Neil Rosenthal
newsroom@vaildaily.com
VAIL CO, Colorado

Dear Neil: My fiance and I are in a 15 month relationship, and we’re planning on getting married five months from now. But before we marry, we need some help. First of all, you would think that we have been together long enough so that we would have worked out basic living agreements. But no, we focus on very different priorities in our day to day lives. He leaves the toilet seat up, leaves his clothes in a pile on the closet floor, leaves dishes in the sink for days at a time, and wants the bedroom window open at night so that we can freeze all night long. All of these just drive me bonkers.

It has gotten so tense between us that we have recently been avoiding each other – going to sleep at different times, eating at different times, and so on. The odd thing about what I’m describing is that I trust that we very much love each other, and we want to marry each other. But we are having a hard time coming to agreement about almost anything right now. Can you help?

– Rattled in Toronto



Dear Toronto: Your letter is a perfect illustration of three “truths” that most people don’t understand about intimate relationships. (1) Love isn’t enough in order to sustain a relationship. (2) You cannot lose connection with each other, because if you do even small things can grow large. (3) A relationship takes more time than you think it should.

Many people fall in love relatively easily. Some fall in love very easily. Falling in love, although vital, isn’t the hard part for most people. It’s living together afterward that’s hard. It’s doing the hard work of a relationship: blending, compromising, being kind and gracious even when you don’t feel like it, giving in at times, picking your battles, being empathetic, reaching out, apologizing, considering the other person’s wants and needs to be equal to your own, occasionally bending to someone else’s will – these constitute the hard work of a relationship, and they are often not fun and certainly not sexy.



The central dilemma you described is that you and your fiance are having a hard time resolving your differences so that the relationship can grow and progress. Because you have been unable to resolve those differences, the two of you are in a standoff that is threatening to derail the relationship and sever the connection. The solution to your dilemma is to reestablish the connection the two of you obviously once had. You’re telling me about the differences, but there is perhaps more power in looking at the similarities right now, including your common interests, your long-range goals together, what you like, appreciate, admire and love about each other, what attracted you to each other, what you like about the relationship and where your hopes lie regarding the future of the relationship. Those are what connect you to each other, and you cannot afford to lose that connection again in the future. Ways to reconnect include affectionate touch, and someone calling even a temporary truce to the power struggle the two of you are currently in.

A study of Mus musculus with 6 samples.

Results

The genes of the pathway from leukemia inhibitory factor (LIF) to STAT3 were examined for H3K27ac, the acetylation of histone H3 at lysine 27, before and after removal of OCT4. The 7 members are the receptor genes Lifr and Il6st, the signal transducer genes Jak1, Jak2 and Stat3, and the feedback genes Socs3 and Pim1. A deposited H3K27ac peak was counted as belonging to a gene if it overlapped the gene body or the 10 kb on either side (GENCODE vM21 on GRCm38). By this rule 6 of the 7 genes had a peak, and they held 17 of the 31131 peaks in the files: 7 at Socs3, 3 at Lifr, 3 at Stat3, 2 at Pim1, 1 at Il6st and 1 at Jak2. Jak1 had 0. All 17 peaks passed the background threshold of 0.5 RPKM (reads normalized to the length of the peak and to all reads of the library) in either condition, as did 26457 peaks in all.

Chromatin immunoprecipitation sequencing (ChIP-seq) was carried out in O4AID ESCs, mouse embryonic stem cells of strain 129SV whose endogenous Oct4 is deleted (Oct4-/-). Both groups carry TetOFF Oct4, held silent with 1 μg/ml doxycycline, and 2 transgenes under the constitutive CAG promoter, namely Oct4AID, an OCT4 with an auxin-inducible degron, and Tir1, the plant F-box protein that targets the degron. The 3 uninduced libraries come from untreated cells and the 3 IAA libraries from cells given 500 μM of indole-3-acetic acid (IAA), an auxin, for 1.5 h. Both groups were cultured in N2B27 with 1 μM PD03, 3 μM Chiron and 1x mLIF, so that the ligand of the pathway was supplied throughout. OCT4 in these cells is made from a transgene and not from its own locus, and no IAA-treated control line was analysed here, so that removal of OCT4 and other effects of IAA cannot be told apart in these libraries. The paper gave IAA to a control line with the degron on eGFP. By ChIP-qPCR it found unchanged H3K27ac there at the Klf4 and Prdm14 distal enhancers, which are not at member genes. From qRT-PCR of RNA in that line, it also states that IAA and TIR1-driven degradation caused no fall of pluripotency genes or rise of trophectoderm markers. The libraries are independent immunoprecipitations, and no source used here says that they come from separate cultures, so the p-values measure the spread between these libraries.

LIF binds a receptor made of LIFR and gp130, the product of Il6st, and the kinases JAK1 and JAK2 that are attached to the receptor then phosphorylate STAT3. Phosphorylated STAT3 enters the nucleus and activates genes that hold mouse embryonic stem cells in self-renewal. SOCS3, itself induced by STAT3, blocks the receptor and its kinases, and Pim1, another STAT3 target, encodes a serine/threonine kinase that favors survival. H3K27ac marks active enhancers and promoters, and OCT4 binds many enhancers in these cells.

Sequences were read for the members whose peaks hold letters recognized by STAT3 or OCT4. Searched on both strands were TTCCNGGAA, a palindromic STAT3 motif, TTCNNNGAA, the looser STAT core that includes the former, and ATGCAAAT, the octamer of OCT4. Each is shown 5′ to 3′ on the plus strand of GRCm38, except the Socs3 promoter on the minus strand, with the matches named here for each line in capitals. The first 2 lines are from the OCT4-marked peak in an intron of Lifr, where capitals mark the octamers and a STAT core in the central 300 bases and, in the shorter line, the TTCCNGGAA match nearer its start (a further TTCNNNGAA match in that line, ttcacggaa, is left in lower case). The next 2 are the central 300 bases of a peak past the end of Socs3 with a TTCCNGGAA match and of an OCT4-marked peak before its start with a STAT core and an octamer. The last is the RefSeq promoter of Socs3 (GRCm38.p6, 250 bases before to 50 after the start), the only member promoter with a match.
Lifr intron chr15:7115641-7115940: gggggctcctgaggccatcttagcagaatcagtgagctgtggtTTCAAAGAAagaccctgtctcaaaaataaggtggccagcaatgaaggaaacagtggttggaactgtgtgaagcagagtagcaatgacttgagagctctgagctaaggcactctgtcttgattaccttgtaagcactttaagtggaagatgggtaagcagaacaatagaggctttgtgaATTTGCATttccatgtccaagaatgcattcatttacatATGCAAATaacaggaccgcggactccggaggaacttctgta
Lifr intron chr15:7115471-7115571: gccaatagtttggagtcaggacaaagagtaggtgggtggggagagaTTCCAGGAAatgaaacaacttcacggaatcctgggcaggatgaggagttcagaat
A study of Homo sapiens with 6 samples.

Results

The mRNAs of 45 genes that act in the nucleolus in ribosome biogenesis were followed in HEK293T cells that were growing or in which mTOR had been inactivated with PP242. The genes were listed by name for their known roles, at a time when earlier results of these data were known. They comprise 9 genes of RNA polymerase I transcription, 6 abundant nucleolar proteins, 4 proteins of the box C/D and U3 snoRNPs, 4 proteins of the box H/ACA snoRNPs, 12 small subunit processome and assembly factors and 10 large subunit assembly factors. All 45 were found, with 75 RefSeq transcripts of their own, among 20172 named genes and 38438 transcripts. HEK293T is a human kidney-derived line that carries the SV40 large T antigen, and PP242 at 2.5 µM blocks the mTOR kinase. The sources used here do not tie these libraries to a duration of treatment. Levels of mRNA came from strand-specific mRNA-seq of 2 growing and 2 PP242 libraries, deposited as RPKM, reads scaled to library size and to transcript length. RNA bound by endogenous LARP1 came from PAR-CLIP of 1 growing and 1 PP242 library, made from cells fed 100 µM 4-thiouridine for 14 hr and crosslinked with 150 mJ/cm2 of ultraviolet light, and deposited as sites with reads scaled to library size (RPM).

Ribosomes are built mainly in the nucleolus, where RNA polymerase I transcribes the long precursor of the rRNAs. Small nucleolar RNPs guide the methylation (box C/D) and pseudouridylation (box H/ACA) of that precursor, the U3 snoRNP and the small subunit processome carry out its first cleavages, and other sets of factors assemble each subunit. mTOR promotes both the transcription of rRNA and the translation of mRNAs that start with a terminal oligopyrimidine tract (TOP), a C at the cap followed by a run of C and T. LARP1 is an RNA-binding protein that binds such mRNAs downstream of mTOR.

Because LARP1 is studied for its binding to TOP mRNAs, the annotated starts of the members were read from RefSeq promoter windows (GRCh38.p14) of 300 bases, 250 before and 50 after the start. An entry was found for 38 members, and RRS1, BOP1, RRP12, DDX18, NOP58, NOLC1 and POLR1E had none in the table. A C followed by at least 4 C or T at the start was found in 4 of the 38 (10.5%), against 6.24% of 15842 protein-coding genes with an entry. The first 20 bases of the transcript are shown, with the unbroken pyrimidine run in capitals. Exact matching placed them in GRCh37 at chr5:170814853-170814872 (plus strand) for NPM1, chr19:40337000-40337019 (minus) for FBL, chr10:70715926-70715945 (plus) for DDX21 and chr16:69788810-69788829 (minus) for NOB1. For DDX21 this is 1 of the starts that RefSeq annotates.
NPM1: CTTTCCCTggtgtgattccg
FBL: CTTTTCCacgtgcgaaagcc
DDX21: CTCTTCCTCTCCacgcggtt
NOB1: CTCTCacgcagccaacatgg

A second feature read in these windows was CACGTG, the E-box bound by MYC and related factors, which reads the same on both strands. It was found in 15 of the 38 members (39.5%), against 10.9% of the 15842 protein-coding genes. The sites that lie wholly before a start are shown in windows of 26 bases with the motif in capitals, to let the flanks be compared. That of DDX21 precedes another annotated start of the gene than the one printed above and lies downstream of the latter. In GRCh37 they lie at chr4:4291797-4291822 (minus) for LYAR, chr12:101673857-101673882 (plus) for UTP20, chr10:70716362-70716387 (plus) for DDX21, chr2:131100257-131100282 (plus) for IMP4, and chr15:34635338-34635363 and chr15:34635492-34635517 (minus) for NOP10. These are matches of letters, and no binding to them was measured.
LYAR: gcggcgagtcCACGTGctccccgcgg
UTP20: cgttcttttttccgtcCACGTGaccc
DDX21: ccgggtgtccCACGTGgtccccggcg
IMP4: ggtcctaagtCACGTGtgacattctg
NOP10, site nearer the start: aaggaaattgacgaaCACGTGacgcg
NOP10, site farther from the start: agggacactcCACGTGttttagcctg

The third problem you’ve presented is that you expect to be finished with the blending process that takes many couples years, if not decades. And you want it all finished and resolved right now, which is understandable, but perhaps not realistic. To get solid and feel compatible, a relationship takes way more time than you think it should. Living with someone else is hard. You have different habits, different ways of feeling comfortable at home, different tastes, a different sense of style, different values about what’s truly important – of course you’re going to have growing pains when you try to live as one.

Sit down with your fiance, call a truce to the hostilities and find ways of reconnecting. And welcome to marriage.



Neil Rosenthal is a licensed marriage and family therapist in Westminster and Boulder. His syndicated column is in its 19th year of publication. You can reach him at 303-758-8777, or email him through his website: http://www.heartrelationships.com.